ELDs, or Electronic Logging Devices, are a type of device that syncs with a truck’s engine and records driving times. These devices are set to replace paper logbooks, which are now being phased out. In December 2016, the Federal Motor Carrier Safety Administration (FMCSA) published a final rule that established a three-phase implementation process for ELDs. The FMCSA provides detailed information regarding the ELD rule, including its requirements and the implementation process.
What is an ELD?
An ELD uses GPS technology to monitor driver activity. It is wired into the truck’s computer and engine. This technology is relatively easy to install and can be done by any mechanic. An ELD is required by law, and you should install one if you are driving long distances more than 150 miles. It may require a bit of programming, but the result is a much safer truck and a better life for everyone on the road.
In addition to keeping records of the time spent behind the wheel, ELDs also monitor the condition of your vehicles. They plug into your vehicle’s onboard diagnostics port and pull vital data from your vehicle. The data can be used to schedule maintenance or reactive repairs and even help you reduce the amount of paperwork you have to fill out. Drivers quickly log their service hours and duty status using an ELD, which can significantly simplify your job.
So what does an ELD do?
An ELD works by connecting to the onboard diagnostics port on your vehicle. It pulls data from the engine and uses a GPS tracker to determine its location. Better-quality devices also have built-in accelerometers and gyroscopes to detect motion and safety-related events.
An ELD records data automatically, but a driver can manually edit and annotate that data. In addition, ELDs keep track of any manual editing and annotation. The ELD is mandatory in all states, including Texas. The federal register has more information on electronic documents. A mobile device connected to the ELD can also provide the information needed for insurance purposes. However, it is important to note that an ELD cannot be used for a personal vehicle in any way.
Having an ELD installed on a commercial truck is an important step towards a safe and productive work environment. It is an important step toward improving public safety. The FMCSA is developing ELDs that can comply with the new rules. This will save the industry millions of dollars in administrative fees and increase driver satisfaction. And it will benefit the public as well. That’s a win-win situation for everyone!
How to use an Electronic Logbook?
Each driver is responsible for reporting their hours of duty electronically. This is how they do it in general:
- Select a vehicle and trailer from their driver account on the e-log.
- Choose or change their duty status, for example, driving, On Duty, or personal conveyance.
- Check for any pending HOS logs.
- If requested, electronically transfer RODS at the roadside.
Electronic logbooks have been mandated in the United States for the past year, and they will soon be required in Canada. The purpose of these e-logs is to relieve drivers of the burden of tracking HOS and replace it with an electronic system that improves accuracy and safety.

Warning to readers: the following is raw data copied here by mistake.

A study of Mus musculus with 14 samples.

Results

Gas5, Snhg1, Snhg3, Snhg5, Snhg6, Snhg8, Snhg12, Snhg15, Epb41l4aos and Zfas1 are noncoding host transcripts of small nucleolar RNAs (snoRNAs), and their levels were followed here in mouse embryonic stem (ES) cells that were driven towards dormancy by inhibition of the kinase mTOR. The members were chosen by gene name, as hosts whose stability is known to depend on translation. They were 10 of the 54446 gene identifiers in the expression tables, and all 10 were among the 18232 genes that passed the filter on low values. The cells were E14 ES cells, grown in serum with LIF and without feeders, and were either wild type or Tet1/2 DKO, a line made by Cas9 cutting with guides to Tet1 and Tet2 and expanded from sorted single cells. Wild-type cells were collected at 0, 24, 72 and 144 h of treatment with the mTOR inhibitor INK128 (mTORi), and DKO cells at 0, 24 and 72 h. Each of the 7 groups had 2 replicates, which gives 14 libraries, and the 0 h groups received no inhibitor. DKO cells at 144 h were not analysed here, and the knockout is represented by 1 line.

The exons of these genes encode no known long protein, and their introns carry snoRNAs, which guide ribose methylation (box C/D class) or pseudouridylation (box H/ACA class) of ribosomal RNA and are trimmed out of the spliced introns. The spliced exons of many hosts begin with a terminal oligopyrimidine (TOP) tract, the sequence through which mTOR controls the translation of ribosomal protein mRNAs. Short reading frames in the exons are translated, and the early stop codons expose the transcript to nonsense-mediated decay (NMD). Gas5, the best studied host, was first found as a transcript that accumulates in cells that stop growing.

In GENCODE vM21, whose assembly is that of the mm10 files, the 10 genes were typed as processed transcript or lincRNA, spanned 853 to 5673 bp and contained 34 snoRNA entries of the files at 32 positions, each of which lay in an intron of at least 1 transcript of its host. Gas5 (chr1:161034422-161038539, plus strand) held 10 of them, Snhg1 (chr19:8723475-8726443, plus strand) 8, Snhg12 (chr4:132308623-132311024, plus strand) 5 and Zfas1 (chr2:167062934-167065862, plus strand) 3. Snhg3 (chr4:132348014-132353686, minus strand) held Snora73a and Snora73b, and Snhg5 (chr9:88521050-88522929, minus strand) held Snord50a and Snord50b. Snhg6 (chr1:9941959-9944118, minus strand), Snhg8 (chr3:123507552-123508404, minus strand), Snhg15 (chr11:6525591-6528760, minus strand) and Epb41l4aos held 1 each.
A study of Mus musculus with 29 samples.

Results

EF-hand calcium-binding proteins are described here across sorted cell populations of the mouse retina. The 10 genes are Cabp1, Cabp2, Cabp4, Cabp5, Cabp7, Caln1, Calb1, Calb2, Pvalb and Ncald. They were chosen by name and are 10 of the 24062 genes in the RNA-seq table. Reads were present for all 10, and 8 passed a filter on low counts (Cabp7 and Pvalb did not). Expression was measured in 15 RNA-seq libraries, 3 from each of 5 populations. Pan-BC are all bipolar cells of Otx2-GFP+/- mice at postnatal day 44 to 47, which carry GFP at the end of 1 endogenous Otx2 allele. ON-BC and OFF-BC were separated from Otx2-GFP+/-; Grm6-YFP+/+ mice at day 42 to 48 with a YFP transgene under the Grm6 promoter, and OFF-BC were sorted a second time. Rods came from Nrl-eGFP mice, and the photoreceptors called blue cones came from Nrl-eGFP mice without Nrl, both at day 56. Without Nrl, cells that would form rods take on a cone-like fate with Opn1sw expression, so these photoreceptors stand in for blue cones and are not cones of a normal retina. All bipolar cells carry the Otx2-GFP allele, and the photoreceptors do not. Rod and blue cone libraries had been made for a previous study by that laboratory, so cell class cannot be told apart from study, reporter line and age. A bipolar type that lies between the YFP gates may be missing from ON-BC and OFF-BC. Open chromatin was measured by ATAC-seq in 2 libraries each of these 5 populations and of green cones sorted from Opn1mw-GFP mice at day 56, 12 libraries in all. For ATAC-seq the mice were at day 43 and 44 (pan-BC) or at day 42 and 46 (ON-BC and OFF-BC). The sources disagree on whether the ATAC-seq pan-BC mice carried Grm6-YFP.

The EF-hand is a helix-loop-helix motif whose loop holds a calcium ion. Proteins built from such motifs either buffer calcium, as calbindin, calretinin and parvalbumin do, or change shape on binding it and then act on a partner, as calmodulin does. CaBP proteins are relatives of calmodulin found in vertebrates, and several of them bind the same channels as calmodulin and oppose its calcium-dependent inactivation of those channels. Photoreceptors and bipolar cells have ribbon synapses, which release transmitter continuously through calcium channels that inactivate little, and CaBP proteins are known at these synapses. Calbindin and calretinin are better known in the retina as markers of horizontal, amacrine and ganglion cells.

ELD Rule Implementation
The FMCSA, the U.S. Department of Transportation’s federal motor carrier safety agency, hosts webinars dedicated to the ELD rule implementation process. The sessions feature driver-focused presentations and panel discussions and include the agency’s ELD rule. The FMCSA has outlined drivers’ and carriers’ key points and responsibilities in the transition.
The ELD rule is mandated under Section 32301(b) of the Commercial Motor Vehicle Safety Enhancement Act, which was passed as part of MAP-21 (Pub. L. 112-141, 126 Stat. 405, 786-788, July 6, 2012). It asks the Secretary of Transportation to issue regarding regulating the use of electronic logging devices (ELDs) in interstate commerce for commercial motor vehicles (CMVs) driven by drivers who are required to keep duty status records (RODS).
The ELD rule is as follows:
- Commercial drivers who are required to report hours-of-service (HOS) records of duty status must utilize an ELD (RODS).
- ELD performance and design criteria are established, and ELDs are required to be certified and registered with the FMCSA.
- Establishes the kind of supporting papers that drivers and carriers must keep.
- Harassment of drivers based on ELD data or connected technology is prohibited (such as fleet management system). Drivers who believe they have been harassed have recourse under the rule.
ELDs and TMS.
The ELD unit does so much more than track the driver’s HOS logs. TMS Digital IFTA Manager can import data from the ELD, such as the miles driven in each state. That data is merged with data imported from the Carrier’s fuel card based on the date and truck number, thus creating a ‘trip.’ IFTA Manager then produces reports that calculate the taxes for each state-driven through to assist you with your quarterly IFTA reporting.
With formulas downloaded directly from the IFTACH website, reports, and alerts to draw your attention to invalid or missing data, you can feel secure that your quarterly numbers are correct.
Contact us today to ask for a free demo of our IFTA Management program. And, don’t forget to check out our other TMS Digital programs like Dispatch for over-the-road carriers, Tickets for short-haul or dump truck carriers, Equipment Maintenance to track repairs, Driver Safety to keep well-organized data on your drivers, and more! We look forward to showing you our great programs!
To know more about ELD, it’s functions and compliance Click here.